An Afghan soldier looks on while standing in line at Camp Joyce base in Kunar province. Most of the NATO troops are set to withdraw by the end of 2014, which will put Afghan security forces in charge of security for theirwar-battered country. AFP photo
The U.S. military has halted the training of Afghan government-backed militias for at least a month to revamp the system of vetting of new recruits for ties to insurgents after a string of attacks by Afghan soldiers and police on their international allies, officials said yesterday.
There have been 34 insider attacks this year that have killed 45 international troops, throwing doubt on the ability of Afghan and coalition forces to live and work together during a key time in the transition to Afghan control of security. One of the pillars of the international troop drawdown is for allied forces to hand over responsibility for the country’s security to Afghans by the end of 2014.
Lt. Col. John Harrell, a spokesman for U.S. special operations forces in Afghanistan, said the pause in training affects about 1,000 trainees of the Afghan Local Police (ALP), a militia backed by the government in Kabul.From one to two months
“The training of the ALP recruits has been paused while we go through this re-vetting process, to take a look at this process to see if there’s anything that we can improve,” Harrell said. “It may take a month, it may take two months, we don’t know.”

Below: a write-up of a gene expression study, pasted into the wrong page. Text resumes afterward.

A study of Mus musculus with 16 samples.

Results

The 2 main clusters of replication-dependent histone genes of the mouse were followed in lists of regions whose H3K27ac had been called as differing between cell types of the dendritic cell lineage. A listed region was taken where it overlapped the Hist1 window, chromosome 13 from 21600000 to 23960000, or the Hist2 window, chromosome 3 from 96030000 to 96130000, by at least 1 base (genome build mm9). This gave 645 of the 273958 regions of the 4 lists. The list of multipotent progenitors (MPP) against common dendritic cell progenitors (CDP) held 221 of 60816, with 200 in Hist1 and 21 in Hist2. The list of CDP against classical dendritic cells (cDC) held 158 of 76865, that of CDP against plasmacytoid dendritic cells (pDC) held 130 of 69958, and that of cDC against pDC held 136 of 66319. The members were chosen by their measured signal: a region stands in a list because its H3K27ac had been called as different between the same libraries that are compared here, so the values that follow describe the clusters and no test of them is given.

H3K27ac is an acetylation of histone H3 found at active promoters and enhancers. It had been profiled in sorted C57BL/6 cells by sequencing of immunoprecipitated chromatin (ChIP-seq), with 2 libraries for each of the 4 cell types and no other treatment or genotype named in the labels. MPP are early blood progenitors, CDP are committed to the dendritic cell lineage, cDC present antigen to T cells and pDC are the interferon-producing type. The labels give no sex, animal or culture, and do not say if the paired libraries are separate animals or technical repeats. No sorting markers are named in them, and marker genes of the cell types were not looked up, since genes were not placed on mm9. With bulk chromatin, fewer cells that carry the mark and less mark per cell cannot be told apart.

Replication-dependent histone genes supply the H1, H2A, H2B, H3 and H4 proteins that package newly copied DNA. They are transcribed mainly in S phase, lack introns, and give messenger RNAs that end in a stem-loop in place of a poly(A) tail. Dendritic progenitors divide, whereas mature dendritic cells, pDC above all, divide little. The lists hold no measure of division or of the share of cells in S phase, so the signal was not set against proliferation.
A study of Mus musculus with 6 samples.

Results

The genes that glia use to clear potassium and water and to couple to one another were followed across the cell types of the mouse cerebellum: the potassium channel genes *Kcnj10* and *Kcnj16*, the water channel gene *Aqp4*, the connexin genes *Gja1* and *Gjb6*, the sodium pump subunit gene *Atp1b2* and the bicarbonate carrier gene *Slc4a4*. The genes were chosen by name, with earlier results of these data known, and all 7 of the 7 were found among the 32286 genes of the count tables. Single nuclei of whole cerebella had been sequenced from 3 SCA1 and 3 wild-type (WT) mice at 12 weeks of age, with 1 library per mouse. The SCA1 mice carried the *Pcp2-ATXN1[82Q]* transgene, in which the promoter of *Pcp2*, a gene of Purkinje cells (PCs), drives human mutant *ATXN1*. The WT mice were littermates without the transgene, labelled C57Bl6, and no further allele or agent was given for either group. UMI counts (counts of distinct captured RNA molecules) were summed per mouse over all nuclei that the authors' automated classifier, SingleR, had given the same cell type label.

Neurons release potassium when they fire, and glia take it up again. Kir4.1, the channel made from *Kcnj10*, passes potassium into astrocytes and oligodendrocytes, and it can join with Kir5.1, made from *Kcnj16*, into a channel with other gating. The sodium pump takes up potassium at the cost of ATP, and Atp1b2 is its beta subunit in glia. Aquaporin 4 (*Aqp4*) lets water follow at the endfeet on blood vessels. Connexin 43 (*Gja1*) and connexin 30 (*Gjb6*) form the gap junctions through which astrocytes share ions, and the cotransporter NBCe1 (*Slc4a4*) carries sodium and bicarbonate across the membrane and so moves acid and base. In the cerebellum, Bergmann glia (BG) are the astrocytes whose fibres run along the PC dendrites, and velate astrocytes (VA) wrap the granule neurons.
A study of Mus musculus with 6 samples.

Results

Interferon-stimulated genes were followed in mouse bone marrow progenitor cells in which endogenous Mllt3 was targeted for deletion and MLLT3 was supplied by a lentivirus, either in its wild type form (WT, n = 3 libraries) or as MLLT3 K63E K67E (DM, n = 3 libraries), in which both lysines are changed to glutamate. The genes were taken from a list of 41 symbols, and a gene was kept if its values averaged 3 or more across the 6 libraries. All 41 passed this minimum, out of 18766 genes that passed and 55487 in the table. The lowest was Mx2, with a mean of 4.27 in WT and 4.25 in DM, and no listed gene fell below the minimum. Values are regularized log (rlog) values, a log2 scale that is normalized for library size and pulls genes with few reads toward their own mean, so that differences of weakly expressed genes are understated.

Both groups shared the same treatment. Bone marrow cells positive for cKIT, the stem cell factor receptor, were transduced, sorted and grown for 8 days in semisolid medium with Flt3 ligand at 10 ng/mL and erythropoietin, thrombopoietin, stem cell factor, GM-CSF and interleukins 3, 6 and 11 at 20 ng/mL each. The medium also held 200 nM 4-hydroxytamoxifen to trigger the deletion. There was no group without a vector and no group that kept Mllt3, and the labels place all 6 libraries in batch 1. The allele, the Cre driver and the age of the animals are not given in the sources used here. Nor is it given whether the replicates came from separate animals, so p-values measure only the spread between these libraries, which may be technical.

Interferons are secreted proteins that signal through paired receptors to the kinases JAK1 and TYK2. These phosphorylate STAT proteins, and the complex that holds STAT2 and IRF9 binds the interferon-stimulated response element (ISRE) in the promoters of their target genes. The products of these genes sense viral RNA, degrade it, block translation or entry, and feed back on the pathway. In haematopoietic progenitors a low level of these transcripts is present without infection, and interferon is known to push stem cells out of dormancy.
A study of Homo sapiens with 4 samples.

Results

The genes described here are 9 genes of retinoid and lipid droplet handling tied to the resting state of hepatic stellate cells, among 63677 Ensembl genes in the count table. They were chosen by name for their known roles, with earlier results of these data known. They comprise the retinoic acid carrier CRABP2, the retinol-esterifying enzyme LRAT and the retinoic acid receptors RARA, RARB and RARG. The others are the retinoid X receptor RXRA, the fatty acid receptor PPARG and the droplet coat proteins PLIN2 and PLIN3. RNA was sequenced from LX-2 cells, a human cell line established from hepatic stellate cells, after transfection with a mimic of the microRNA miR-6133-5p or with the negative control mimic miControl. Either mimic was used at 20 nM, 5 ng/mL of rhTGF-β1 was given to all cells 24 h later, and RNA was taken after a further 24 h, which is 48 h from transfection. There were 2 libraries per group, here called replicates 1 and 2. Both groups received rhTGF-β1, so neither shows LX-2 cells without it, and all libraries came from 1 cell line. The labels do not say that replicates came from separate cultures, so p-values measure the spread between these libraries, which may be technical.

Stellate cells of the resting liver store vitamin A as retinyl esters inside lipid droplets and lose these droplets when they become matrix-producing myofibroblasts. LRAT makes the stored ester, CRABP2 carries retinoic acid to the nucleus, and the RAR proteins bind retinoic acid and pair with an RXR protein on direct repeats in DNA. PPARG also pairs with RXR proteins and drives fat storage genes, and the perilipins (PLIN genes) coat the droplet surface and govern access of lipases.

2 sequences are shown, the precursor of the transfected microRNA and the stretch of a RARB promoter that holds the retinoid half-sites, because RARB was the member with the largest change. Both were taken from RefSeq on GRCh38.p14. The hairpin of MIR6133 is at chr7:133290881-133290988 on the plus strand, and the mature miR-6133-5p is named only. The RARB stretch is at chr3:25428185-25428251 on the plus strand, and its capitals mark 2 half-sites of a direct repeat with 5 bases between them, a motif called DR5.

Afghan Local Police forces that have already been trained will continue to operate, and the government will continue to recruit new members, Harrell said. Col. Tom Collins, a spokesman for the international military coalition in Afghanistan, also said there was no set date for the training of the local police to resume.
Harrell said the Americans last month also put a two-week pause on operations by the Afghan Special Forces last month to re-vet those soldiers for any potential ties to insurgents. He did not say whether any suspicious links were uncovered.
The international forces in Afghanistan have been revisiting security for their forces in the wake of the recent attacks on international troops, the most recent of which took place last week when an Afghan army soldier turned his gun on Australian soldiers, killing three of them. NATO
has some 130,000 troops in Afghanistan fighting the Taliban’s decade-long insurgency alongside government forces.
Most of the NATO
troops are set to withdraw by the end of 2014 that will put Afghan security forces in charge of security for their war-battered country. The process is already under way, with security responsibilities of about half of the Afghan population transferred to the local security forces.